Japanese people don’t know about their own family law

Yesterday I has an enlightening conversation with my neighbor, Mrs. Ichikawa. She’s a very nice rather handsome woman in her late fifties or early sixties. She lives in a two dwelling home. She lives downstairs with her husband, and her daughter lives upstairs with her husband and their two children, a six year old boy and a two-month old baby girl.

Anyway,  I announced to Mrs. Ichikawa that I was leaving Japan, I explained my situation: no work for four years following the Lehman Shock, my divorce, and the fact that I would not be able to see my daughter for many years. I explained to her about Japanese family law and everything I said seemed new to her.

Now she is not a silly old woman. She’s a solid middle class housewife, she swims at the local pool twice a week, she takes good care of her plants, she’s a friendly neighbor, she does some community work. She and her husband own the house, a nice SUV and the whole family goes on weekend trips once in a while.

And yet she has no knowledge about family law. I illustrated what happened to me by telling her to imagine what would happen if her son-in-law took his two children to visit his parents one day and suddenly announced he wasn’t coming back. I was careful not to worry about this, but I explained that in 10% of the cases, it is the husband who abducts the children first, and in 90% of the cases it is the wife. I also insisted that this is not an international problem, it’s a domestic Japanese problem.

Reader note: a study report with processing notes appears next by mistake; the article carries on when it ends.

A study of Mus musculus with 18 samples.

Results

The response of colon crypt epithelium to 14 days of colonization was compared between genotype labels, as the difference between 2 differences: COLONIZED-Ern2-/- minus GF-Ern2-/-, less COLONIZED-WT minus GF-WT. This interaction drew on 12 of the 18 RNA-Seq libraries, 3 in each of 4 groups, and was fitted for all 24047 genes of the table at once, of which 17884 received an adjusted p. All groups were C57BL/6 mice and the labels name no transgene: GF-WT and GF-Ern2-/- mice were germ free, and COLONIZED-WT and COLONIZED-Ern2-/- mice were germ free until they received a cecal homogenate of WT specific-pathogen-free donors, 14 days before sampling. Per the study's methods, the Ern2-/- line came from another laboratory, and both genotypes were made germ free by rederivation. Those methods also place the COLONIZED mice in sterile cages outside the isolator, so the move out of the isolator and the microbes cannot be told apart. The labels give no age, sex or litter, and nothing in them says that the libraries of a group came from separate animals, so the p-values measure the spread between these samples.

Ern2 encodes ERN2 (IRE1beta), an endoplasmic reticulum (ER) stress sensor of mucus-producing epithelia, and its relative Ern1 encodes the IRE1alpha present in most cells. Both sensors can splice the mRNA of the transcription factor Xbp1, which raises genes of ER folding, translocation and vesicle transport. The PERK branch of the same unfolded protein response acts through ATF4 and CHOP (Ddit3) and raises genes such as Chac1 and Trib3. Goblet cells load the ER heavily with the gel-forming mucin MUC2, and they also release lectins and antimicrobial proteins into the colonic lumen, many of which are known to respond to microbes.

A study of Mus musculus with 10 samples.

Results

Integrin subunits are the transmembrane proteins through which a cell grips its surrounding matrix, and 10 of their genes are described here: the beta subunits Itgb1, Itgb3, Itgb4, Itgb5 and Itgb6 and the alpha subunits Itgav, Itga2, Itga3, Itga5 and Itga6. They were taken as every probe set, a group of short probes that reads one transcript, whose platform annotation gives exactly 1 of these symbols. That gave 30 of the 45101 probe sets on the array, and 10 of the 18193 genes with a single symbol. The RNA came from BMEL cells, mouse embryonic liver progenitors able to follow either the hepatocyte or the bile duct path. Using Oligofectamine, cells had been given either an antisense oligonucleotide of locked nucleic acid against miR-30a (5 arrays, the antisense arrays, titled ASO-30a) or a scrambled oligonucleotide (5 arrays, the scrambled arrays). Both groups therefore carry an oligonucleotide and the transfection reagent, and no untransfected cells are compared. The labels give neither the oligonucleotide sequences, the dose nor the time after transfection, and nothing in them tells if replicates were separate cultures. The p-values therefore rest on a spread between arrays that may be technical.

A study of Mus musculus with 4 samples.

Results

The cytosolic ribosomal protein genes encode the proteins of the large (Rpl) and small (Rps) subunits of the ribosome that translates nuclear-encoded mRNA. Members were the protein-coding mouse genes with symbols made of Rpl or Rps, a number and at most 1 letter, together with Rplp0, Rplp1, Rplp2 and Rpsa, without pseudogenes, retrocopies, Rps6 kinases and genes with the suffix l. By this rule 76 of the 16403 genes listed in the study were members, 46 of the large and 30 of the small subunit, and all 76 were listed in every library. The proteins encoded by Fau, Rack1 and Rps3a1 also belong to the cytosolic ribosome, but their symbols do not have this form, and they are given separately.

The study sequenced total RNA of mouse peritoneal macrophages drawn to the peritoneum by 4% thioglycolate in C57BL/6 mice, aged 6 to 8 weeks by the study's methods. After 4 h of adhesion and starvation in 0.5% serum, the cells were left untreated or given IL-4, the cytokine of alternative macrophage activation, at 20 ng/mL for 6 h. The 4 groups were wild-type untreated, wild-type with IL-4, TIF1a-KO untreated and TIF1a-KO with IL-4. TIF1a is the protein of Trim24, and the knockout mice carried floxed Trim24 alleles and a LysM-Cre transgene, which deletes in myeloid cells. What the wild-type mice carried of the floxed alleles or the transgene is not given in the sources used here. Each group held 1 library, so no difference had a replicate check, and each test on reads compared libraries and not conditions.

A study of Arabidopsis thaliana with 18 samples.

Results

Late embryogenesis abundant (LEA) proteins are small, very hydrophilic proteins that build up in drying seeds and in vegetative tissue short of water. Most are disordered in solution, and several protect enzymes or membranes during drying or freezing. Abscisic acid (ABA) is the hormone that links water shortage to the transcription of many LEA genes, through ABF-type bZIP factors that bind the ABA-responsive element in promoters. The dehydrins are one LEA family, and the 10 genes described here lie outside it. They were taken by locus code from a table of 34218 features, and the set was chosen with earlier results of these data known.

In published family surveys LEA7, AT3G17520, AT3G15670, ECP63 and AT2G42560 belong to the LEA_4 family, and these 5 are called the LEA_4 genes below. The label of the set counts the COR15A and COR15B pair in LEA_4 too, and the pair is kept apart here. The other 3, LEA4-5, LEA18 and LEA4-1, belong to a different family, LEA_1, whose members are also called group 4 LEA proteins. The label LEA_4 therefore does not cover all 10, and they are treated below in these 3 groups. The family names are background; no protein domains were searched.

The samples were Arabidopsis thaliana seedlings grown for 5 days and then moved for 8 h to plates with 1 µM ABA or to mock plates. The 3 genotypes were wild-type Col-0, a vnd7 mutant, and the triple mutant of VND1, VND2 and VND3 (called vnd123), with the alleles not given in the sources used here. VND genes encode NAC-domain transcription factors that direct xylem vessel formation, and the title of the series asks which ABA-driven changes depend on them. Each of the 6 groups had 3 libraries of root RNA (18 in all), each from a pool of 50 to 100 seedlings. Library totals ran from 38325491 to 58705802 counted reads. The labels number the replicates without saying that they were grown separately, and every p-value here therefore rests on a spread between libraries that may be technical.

How can she not know?

I don’t like expounding gratuitous theories about the Japanese but there must be a reason why this solid middle-class woman knows nothing about the problem. I doubt she is alone; in fact I’m convinced she is typical.

There is probably no debate about it, fathers who lose there children are told to just get on with their lives and concentrate on work, while mothers who lose their children are probably thought of as bad mothers.

I have seen a report on the local news about “New Dads”. Fathers that spend a lot of time with their kids, fathers who play with them, change diapers, carry them when the whole family goes shopping, etc. This is new in Japan. It’s not that Japanese fathers were macho, it’s that they spend 80 hours a week at the office. Many younger fathers actually make a decision to come home early for the kids.

Since divorce is on the rise what will happen to those New Dads who get divorced?